Hey you, stop slouching.
We all know that good posture is important — our parents and teachers have been drilling this idea in our heads since we were children. But bad habits easily become our daily stance, and for those of us who are sitting at our desks for at least eight hours a day, it's not always convenient to find time to fix our form.
Dr. Adam Reynolds co-founder and chiropractor at Catalyst Health, says good posture starts with standing up.
"A few times an hour, make it a point to get up and move. Research shows that muscles begin to shorten up after they are in the same position for more than 20 minutes," he tells the Huffington Post Canada.
Standing up and stretching out your arms, he says, allows your chest and back to open up and prevents slumps or neck pains.
A March study revealed that people who sat for 11 hours or more during the day had an increased risk of death in the next three years over those who sat for less than four hours, according to Time Healthland. Poor back posture can also increase the risk of metabolic syndromes, heart attacks and strokes.
“Our results suggest the time people spend sitting at home, work and in traffic should be reduced by standing or walking more,” said study author Dr. Hidde van der Ploeg, a senior research fellow at the University of Sydney’s School of Public Health in Australia, said in a statement to Time.
Reynolds recommends adding short intervals of exercises during your lunch hour to stay in shape and avoid bad posture.
"With at least 20 minutes, you can make the most of of boosting your metabolism, burning fat for the rest of the afternoon and lifting your mood with a flood of endorphins. It also leaves you enough time to eat your lunch," he says.
Here are 6 ways to get good posture (and an overall workout) and 4 exercises you can try in your cubicle in 20 minutes:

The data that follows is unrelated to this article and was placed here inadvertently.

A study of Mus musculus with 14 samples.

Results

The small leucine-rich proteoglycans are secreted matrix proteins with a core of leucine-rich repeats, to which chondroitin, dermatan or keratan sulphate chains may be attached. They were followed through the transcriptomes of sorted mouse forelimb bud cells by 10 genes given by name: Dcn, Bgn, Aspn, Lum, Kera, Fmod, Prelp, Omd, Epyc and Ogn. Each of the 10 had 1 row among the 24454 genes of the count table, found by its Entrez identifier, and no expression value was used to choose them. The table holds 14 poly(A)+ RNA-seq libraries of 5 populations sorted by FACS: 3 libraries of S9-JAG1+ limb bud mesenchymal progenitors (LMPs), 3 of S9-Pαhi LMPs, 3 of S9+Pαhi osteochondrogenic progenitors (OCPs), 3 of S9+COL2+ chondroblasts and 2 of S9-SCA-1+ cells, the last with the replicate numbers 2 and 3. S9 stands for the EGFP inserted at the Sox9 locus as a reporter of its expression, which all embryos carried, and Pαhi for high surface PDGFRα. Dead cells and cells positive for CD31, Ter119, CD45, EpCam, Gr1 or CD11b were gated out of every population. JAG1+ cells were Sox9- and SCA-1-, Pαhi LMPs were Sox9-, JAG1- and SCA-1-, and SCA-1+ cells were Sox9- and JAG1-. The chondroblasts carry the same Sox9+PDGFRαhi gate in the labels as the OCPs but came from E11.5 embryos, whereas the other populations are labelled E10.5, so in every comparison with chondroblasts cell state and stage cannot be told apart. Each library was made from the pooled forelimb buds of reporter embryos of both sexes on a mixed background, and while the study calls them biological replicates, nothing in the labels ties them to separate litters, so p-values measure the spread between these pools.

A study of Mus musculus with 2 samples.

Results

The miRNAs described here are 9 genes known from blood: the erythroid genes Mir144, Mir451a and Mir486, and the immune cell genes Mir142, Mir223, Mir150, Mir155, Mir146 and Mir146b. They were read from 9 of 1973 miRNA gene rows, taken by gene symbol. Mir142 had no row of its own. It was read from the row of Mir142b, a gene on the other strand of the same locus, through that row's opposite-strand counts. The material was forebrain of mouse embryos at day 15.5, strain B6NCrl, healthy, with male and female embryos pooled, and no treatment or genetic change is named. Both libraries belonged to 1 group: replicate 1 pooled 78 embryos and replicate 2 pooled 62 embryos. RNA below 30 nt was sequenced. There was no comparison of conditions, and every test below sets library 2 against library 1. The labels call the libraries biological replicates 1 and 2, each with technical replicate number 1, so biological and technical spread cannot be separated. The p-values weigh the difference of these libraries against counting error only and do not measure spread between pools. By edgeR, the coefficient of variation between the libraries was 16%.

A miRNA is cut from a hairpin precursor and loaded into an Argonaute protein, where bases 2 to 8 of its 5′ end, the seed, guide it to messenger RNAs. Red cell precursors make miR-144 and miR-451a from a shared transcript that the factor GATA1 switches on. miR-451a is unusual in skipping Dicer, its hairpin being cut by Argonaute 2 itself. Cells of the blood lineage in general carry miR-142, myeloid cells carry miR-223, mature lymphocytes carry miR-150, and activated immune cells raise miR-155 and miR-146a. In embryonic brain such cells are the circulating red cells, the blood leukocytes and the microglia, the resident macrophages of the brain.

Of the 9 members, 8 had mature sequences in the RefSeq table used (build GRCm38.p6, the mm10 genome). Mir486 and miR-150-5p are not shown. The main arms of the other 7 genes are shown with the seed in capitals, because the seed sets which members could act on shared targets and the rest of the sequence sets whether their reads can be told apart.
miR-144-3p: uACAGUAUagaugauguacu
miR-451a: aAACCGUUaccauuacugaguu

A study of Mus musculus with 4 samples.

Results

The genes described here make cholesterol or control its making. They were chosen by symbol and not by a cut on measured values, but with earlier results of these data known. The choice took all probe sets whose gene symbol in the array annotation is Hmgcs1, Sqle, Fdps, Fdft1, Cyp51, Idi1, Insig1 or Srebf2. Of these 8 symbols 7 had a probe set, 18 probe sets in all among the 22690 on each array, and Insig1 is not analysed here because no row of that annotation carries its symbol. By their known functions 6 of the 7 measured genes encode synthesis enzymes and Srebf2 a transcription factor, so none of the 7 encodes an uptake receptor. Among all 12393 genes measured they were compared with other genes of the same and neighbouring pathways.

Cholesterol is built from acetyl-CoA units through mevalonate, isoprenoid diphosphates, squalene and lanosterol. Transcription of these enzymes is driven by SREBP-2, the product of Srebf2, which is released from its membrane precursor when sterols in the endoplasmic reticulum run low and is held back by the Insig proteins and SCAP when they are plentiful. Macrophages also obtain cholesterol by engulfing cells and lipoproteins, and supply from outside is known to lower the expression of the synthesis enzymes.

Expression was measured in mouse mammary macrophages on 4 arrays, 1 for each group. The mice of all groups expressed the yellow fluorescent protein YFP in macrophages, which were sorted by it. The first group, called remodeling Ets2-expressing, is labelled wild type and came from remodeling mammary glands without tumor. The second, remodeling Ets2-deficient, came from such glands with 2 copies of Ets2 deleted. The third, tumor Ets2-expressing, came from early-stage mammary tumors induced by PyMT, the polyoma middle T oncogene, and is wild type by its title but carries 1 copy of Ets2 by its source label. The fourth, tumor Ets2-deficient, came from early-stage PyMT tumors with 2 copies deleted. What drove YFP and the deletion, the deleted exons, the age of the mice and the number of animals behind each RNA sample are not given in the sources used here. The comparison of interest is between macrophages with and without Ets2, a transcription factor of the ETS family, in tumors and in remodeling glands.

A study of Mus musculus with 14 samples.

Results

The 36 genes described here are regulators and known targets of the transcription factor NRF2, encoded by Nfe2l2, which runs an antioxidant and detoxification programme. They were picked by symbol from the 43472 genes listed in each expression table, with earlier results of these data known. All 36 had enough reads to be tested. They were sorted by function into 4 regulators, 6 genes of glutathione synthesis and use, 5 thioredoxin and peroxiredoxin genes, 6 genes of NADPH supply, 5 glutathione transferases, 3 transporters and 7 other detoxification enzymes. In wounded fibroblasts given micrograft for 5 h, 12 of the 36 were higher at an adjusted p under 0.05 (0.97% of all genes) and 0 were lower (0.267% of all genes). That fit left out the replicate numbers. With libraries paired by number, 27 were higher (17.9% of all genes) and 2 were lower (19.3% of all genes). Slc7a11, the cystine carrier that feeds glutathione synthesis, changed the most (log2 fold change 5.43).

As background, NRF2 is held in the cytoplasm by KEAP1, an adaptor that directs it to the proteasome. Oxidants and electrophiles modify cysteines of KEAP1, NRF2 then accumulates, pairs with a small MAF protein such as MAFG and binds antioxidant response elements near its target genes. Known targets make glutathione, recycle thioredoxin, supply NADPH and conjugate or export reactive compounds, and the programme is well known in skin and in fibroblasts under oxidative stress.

Get A Ball:
Try replacing your office chair with a stability ball, says chiropractor Dr. Adam Reynolds. Forcing yourself to balance on a ball can increase core activation and improve your overall posture.
No gym close by? Don't worry. Reynolds suggests keeping a resistance band in your desk drawer and perform chest pulls while standing up. This will keep your blood pumping all day.
Keep A Band At Your Desk:
No gym close by? Don't worry. Reynolds suggests keeping a resistance band in your desk drawer and perform pulls while standing up to keep your blood pumping all day.
Competitive? Reynolds recommends wearing a pedometer and challenging yourself to walk at least 10,000 steps a day. Not only will this straighten up your form, it will boost your metabolism and improve your mood.
Reynolds suggests drinking at least eight cups of water a day while sitting at your desk. (Just think of it has trying to finish one cup per hour). "Some researchers believe coffee dehydrates you, so for every cup of coffee offset it with at least one more cup of water," he says.
Try to avoid those company donuts -- at least for the majority of the week. Snacking on fruits, vegetables and other foods that are high in fibre and protein will keep your energy levels up during the day.
EXERCISE: Office Chair Squats:
Try doing squats directly into your office chair to work your core and posture. Try five sets at 30 seconds each.
EXERCISE: Wall Push Ups:
If you feel a little awkward breaking out into push ups on the company floor, find a flat wall and try five sets at 30 seconds each.
EXERCISE: Chair Tricep Dips:
Just like this photo, grab a hold of your chair's arms and dip down to the floor without having your bottom touch the floor. This exercise will workout your triceps and core. Try five sets at 30 seconds each.
EXERCISE: Office Planks
Yes, we know this may be seem embarrassing in front of a crowd, but finding an empty room or even the kitchen area of your office will work for planks. Again, planks can work your core and burn fat. Try five sets at 30 seconds each.